The State of MA has a 90 day waiting period after divorce in order to remarry. Is the Islamic/Muslim Nikah considered a legal marriage? Will someone be breaking the law if they were to have a Nikah ceremony before the 90 day period was over?
The issue is not really whether the Nikah is a legal marriage. The issue is really whether you are legally divorced. Massachusetts will not consider you legally divorced until the nisi period, 90 or 120 days depending on how divorced, passes. No state in the US will recognize any marriage done within that period because every state will give deference to Massachusetts' law on when the divorce becomes official and no state allows bigamy. My question would be whether the Islamic faith also would allow you to remarry if not yet legally divorced.
So, it does not matter if Massachusetts recognizes a Nikah as a legal marriage. It won't recognize ANY marriage as long as you are not yet legally divorced.
For what it is worth, however, in this country, all states create legal marriages through a state licensing process. Those marriages can be performed in a civil ceremony or they can also be performed through a particular religion's ceremony, and obviously people of the Islamic faith do get legally married through the civil process as well, just as those of other faiths do. If it is a purely religious ceremony conducted in the US without any state licensing, then no, I do not think it is legal. If it is conducted in a foreign country and the marriage is legal under the laws of that country, then yes, it will be recognized as legal here in all states. But again, it will NOT be recognized in Massachusetts or any US state if you are not first legally divorced. The 90/120 period is short. Just wait for it to pass before re-marrying and there will be no issue.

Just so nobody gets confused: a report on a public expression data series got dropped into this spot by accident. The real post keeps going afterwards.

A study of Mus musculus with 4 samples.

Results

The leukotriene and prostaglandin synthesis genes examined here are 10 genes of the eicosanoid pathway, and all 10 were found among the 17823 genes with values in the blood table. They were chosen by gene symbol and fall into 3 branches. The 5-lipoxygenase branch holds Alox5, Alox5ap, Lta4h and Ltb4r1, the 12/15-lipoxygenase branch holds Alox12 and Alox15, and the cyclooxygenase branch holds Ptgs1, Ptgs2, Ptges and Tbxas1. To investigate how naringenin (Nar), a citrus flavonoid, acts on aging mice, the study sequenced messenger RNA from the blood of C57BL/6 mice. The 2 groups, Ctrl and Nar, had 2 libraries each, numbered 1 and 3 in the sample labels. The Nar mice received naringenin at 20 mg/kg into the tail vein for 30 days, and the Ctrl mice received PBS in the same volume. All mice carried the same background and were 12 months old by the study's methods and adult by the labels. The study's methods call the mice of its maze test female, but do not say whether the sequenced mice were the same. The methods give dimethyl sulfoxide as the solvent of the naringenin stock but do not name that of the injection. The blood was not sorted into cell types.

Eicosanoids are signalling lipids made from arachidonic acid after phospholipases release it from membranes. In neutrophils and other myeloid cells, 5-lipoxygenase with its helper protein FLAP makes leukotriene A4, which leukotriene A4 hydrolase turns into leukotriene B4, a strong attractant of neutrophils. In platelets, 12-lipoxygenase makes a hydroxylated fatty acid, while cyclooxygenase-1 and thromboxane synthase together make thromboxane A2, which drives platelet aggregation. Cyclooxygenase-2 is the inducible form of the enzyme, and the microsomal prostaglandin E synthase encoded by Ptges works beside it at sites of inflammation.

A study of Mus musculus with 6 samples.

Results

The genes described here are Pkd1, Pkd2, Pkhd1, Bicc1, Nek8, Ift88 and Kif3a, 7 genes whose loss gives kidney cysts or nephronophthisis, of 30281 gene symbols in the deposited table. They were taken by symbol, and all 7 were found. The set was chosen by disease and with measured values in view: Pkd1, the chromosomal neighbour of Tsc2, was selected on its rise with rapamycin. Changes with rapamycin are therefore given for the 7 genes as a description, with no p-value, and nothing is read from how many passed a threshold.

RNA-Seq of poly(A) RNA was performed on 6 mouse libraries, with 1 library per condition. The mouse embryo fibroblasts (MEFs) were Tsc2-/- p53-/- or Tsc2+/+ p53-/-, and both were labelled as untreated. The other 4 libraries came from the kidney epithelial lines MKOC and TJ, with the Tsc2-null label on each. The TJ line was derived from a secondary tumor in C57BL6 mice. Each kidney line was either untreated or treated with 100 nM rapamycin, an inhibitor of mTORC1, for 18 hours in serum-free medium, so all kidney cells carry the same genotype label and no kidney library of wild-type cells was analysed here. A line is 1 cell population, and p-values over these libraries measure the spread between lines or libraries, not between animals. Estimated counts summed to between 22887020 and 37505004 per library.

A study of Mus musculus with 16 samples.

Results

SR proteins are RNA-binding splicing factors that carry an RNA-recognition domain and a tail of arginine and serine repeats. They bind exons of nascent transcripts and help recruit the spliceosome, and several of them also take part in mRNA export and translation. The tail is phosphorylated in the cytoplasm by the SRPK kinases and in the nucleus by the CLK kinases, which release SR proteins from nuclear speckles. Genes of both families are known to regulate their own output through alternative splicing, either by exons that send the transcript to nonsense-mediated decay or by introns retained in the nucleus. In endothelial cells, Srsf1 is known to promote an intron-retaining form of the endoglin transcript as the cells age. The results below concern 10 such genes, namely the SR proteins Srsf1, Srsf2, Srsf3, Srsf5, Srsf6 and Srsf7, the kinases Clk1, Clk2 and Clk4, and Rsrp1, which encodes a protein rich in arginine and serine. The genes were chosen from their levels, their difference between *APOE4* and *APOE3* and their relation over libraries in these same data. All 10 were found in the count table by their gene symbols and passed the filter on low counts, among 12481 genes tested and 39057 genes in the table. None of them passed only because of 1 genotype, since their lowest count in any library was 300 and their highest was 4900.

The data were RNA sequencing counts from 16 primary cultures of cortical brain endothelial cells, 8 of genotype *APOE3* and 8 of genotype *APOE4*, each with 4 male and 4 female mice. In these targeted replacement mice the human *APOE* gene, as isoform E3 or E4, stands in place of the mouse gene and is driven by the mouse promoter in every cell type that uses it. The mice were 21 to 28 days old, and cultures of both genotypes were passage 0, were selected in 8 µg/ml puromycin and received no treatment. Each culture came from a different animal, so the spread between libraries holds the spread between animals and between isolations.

To questioners from West Virginia & New York: Although I am licensed to practice in your state (in WV, on inactive status as of 9/13), I practice on a day-to-day basis in Massachusetts. I answer questions in your state in areas of the law in which I practice, and in which I feel comfortable trying to offer you assistance based on my knowledge of specific statutes in your state and/or general principles applicable in all states. It is always best, however, to work with attorneys and court personnel in your own area to deal with specific problems and factual situations.
No marriage is a "legal" marriage unless you have gotten a marriage license from the town or city where you live. MAssachusetts does not recognize common law marriage, so the only way to get legally married to someone else is to apply for a license. After you get the license, the state requires a ceremony, but that can be civil or religious based on your preferences. You could theoretically get an unofficial religious marriage performed prior to the Nisi period, but this would have no legal effect and would not be a crime. You would have to get a marriage license and have another ceremony after the Nisi period was over to be legally married. Applying for a license before the Nisi period is up IS a crime. It's called bigamy.
I am a Massachusetts attorney and answer questions based on Massachusetts law. The above answer is for educational purposes only and does not create an attorney client relationship or constitute legal advice.